This season of âFringeâ continues to swing from mythology-heavy episodes to more self-contained installments, and this is one of the latter. There are some elements that speak to the larger questions, but overall, this seems to be a case that only serves to explore character thematically.
The case itself had some interesting aspects, particularly in terms of how human perception might be altered or controlled. This has been one of the recurring themes of âFringeâ, so itâs not a surprising direction for a case to take. It raises the question of the influence of oneâs subconscious: is it simply a conglomeration of all the internal influences operating below our active awareness, or is it something that can easily be manipulating and controlled by the external?
Walter gives a convincing reason why this particular experiment would yield an addict. Yet one could look at some of the experiments that Walter has conducted and wonder if there is a less powerful yet potent addiction at play. Walter seems to have a certain penchant for pushing the human mind beyond its normalized perception, and he craves it even when he is not the one pushing the boundaries personally.
As always, Walterâs perceptions must be questioned. Why does he have such an issue with Seattle? Was it just the psychological reaction to the visual cues of the restraints? That would have been understandable, but there were other situations that would or should have pushed the same buttons. So what was so specific about this circumstance?
For Peter, the case might have revealed a growing subconscious awareness that his memories of his childhood may not quite add up. This episode begins to explain why Alt-Peter doesnât remember being abducted by Walter Prime in the first place: Walter must have wiped away certain memories and used other techniques, like the one Peter described, to prevent those memories from being recognized within dreams and nightmares.
Speaking of the abduction, which appears to have been the case based on Peterâs dream, we may have been given a date. The matter has certainly been on Walterâs mind of late, but close to the end of the episode, a date is scrawled on a blackboard: June 28th, 1984. What is the significance of that date? Peter Primeâs gravestone gave a year of death of 1985, so there could be a connection. Could Alt-Peter have been abducted before Peter Prime died? Walterâs dialogue in earlier episodes doesnât seem to support that theory, but with Walter, everything must be taken with a grain of salt. It would also be interesting to compare that to the time period during which Olivia was part of the cortexiphan experiments.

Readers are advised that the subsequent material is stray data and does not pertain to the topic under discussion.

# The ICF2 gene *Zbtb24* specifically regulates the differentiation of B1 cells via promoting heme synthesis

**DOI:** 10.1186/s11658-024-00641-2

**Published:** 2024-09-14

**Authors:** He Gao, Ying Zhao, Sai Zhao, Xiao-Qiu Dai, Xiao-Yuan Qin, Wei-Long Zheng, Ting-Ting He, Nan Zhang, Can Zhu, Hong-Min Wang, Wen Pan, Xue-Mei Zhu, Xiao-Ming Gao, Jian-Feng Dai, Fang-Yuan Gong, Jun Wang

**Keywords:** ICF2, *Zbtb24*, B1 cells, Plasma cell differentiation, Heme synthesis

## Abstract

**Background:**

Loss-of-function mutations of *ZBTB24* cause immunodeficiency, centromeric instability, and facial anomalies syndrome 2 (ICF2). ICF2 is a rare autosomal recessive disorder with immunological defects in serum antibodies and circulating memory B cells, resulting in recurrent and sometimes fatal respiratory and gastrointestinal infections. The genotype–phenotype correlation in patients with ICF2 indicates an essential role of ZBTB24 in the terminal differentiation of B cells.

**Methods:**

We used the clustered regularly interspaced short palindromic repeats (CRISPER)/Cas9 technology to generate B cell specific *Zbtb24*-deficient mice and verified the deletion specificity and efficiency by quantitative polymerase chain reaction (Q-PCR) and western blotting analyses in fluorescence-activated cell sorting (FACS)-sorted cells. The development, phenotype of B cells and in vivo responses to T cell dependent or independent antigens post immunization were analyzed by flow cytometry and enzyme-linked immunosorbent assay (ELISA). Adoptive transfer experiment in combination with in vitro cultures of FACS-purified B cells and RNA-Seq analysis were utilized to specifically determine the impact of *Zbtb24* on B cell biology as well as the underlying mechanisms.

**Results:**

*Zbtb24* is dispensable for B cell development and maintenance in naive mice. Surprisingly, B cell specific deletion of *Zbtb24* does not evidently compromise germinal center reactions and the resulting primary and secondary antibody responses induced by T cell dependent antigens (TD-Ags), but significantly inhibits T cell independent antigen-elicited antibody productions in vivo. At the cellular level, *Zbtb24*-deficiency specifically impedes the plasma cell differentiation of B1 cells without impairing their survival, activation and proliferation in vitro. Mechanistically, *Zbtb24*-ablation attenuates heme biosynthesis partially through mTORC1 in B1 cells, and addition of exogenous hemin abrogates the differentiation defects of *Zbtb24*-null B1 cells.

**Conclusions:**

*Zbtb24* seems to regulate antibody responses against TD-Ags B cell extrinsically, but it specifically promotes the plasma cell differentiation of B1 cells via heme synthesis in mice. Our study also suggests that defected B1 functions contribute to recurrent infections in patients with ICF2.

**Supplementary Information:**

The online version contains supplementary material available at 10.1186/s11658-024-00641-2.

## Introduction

Oliviaâs progress with her recovery is taking a subconscious path, which is what her new guru started in the first place. Getting her back on her feet utilized a subconscious trigger, and relying on the brainâs tendency to find patterns within the seemingly random was a nice way to deliver a reaffirming message and give her closure on Charlieâs fate. (I do find it odd, though, that she has yet to consider her response to Charlieâs death in relation to Agent Scottâs death, just months earlier.)
It occurred to me, by the end of the episode, that we havenât seen Agent Jessup in a little while. I liked the idea of expanding the supporting cast into new areas, and Charlieâs exit leaves a hole to be filled. Agent Jessup seemed primed and ready to take on that role, so the writers should probably see to that sooner rather than later, if this episode was indeed meant to give Olivia an emotional coda to her relationship to Charlie.